August 01, 2016

Taking Stock After the First 100 Days of CJR

Launched on April 1, 2016, the Comprehensive Care for Joint Replacement (CJR) model is the first mandatory bundled payment program from CMS. To ensure that they are getting the most from the initial CJR data feeds from CMS, hospitals must understand what can and cannot be measured, and take steps now to address any issues.
What the Initial Data Will—and Won’t—Reveal
Launched on April 1, 2016, the Comprehensive Care for Joint Replacement (CJR) model is the first mandatory bundled payment program from CMS. Affecting more than 750 hospitals in 67 markets, CJR creates a host of new challenges and opportunities for participants. To ensure that they are getting the most from the initial CJR data feeds from CMS, hospitals must understand what can and cannot be measured, and take steps now to address any issues.
 
Analyzing 2012 to 2014 Baseline Data: Factoring in Care Path and Physician Changes

Over the last few months, hospitals participating in CJR have had the opportunity to review their 2012 to 2014 baseline data. This data set provides an important comparison point, as it comprises two-thirds of participants’ initial targets and affords insight on a number of measures, including how often patients were discharged without requiring postacute institutional care, as well as infection and revision rates. However, participants should remember to take into account any changes in their care paths and joint replacement surgeons that occurred after this time period. 
 
What to Expect from the First CJR Data Feed
Accurate Patient Identification is Critical, Yet Challenging
Hospitals are eagerly awaiting the first round of performance period data, due to be disseminated by CMS shortly after the end of the first quarter of the program. The first CJR data feed will chiefly serve to indicate how well the system is able to identify attributed patients. Participants should analyze these data to determine which patients were missed and, conversely, which patients were identified as participating in the program who should not have been included.
 
It is critical, yet challenging, to properly identify CJR patients and include them in discharge planning, follow-up, and the required beneficiary notification. Ideally, this process should begin prior to or at admission. Factors that can hinder accurate identification include:
  • Assigning the incorrect Diagnosis Related Group (DRG) at admission—when a complication or other significant diagnosis arises during the hospital stay, the patient’s DRG assignment upon discharge may change. This is particularly impactful when a patient is admitted with DRG 470 but discharged with DRG 469, with complications and comorbidities that entail vastly different target amounts.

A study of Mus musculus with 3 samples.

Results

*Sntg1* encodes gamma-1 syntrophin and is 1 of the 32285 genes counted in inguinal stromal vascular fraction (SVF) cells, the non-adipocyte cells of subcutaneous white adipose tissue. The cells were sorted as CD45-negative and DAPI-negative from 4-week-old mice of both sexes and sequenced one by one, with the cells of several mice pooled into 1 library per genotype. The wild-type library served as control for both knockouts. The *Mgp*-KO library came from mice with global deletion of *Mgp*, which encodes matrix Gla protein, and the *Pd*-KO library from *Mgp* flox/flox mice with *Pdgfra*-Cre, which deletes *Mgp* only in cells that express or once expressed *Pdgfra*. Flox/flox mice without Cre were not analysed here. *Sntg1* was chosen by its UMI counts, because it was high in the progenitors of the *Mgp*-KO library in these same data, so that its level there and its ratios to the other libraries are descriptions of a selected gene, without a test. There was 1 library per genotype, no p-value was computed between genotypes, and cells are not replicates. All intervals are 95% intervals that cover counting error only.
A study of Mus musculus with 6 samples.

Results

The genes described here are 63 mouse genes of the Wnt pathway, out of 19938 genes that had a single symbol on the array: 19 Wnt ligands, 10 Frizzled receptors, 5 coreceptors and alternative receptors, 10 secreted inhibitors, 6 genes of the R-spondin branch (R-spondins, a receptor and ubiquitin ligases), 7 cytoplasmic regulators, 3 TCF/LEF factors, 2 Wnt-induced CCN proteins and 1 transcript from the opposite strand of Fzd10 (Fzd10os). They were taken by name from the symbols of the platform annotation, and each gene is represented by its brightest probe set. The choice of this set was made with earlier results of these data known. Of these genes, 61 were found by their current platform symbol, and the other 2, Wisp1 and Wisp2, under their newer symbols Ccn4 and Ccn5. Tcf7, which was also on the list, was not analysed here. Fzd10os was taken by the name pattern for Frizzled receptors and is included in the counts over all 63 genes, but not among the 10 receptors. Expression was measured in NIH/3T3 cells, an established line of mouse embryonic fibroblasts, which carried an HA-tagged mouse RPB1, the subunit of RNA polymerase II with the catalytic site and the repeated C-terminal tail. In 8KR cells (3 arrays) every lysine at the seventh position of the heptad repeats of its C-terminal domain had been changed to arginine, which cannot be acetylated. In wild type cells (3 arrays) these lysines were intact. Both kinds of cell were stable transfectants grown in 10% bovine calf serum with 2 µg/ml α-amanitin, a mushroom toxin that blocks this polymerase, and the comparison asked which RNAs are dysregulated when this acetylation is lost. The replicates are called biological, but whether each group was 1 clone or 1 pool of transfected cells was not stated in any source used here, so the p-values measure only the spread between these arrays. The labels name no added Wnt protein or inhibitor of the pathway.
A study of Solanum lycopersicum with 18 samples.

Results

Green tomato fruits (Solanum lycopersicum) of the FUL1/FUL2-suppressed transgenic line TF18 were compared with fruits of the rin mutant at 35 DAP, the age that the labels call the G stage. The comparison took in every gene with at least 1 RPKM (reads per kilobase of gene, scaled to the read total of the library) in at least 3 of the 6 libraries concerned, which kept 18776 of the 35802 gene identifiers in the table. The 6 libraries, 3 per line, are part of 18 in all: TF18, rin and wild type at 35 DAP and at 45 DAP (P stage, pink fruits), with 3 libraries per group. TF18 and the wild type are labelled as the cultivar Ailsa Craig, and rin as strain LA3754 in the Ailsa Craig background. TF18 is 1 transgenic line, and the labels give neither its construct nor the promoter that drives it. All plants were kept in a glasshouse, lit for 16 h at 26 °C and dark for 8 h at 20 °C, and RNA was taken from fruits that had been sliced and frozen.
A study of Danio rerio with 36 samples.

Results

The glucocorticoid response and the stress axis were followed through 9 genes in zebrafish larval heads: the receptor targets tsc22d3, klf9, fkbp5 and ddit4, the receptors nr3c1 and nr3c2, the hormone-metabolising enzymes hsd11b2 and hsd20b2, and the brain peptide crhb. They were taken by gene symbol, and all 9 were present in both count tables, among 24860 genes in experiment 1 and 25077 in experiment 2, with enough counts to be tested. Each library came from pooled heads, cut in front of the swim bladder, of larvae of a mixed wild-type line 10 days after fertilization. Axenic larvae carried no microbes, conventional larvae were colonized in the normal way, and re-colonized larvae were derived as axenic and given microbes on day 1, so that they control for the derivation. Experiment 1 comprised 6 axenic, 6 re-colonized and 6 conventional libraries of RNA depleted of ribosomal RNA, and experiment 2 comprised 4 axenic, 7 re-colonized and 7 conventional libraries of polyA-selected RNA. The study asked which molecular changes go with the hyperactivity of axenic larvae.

• Mistaking fee-for-service patients for those enrolled in Medicare Advantage, who are excluded from the CJR program.
  • Patients may convert to end-stage renal disease status midway through the episode of care. The hospital may not know that these patients have been excluded from the program until reconciliation.
  • Attributing Bundled Payments for Care Improvement (BPCI) episodes to CJR—if 1 or more of a facility’s operating physicians participates in BPCI for joint services, the episode is attributed to the physician instead of the hospital. Because CMS may not identify these episodes until reconciliation, the hospital must institute measures to identify these physicians itself.
Why the Initial Data Feed Won’t Measure Financial Performance
Insufficient Time for Claims Run-out  
 
Unfortunately, because of insufficient claims run-out, the first data feed will not permit participants to accurately compare their financial performance with the target. The data feed will only include claims submitted and paid by the time the data are cut.
 
For example, an episode starting on April 1 will be complete by June 30; however, depending on when CMS cuts the data, claims submitted at the end of the episode may not yet be paid and therefore will not be part of the initial data feed (see figure 1). An episode that starts on May 1 and ends on July 30 will not even have been completed by the time the data are cut. Therefore, hospitals should anticipate that not all claims will be included—only the simplest of episodes will have complete data, such as when all care is provided in the first month and the patient has no other significant issues in the second and third months.
 
Figure 1.

 
Examples of why claims may be omitted from the performance period data feed include:
  • The patient is admitted to a skilled nursing facility (SNF) right before the data are cut and the claim has not yet been submitted.
  • The patient is readmitted just before the data are cut, and the claim has been submitted but not yet paid.
  • The 90-day episode is not complete by the time the data are cut—initially, this will include all episodes except those beginning on April 1 or 2.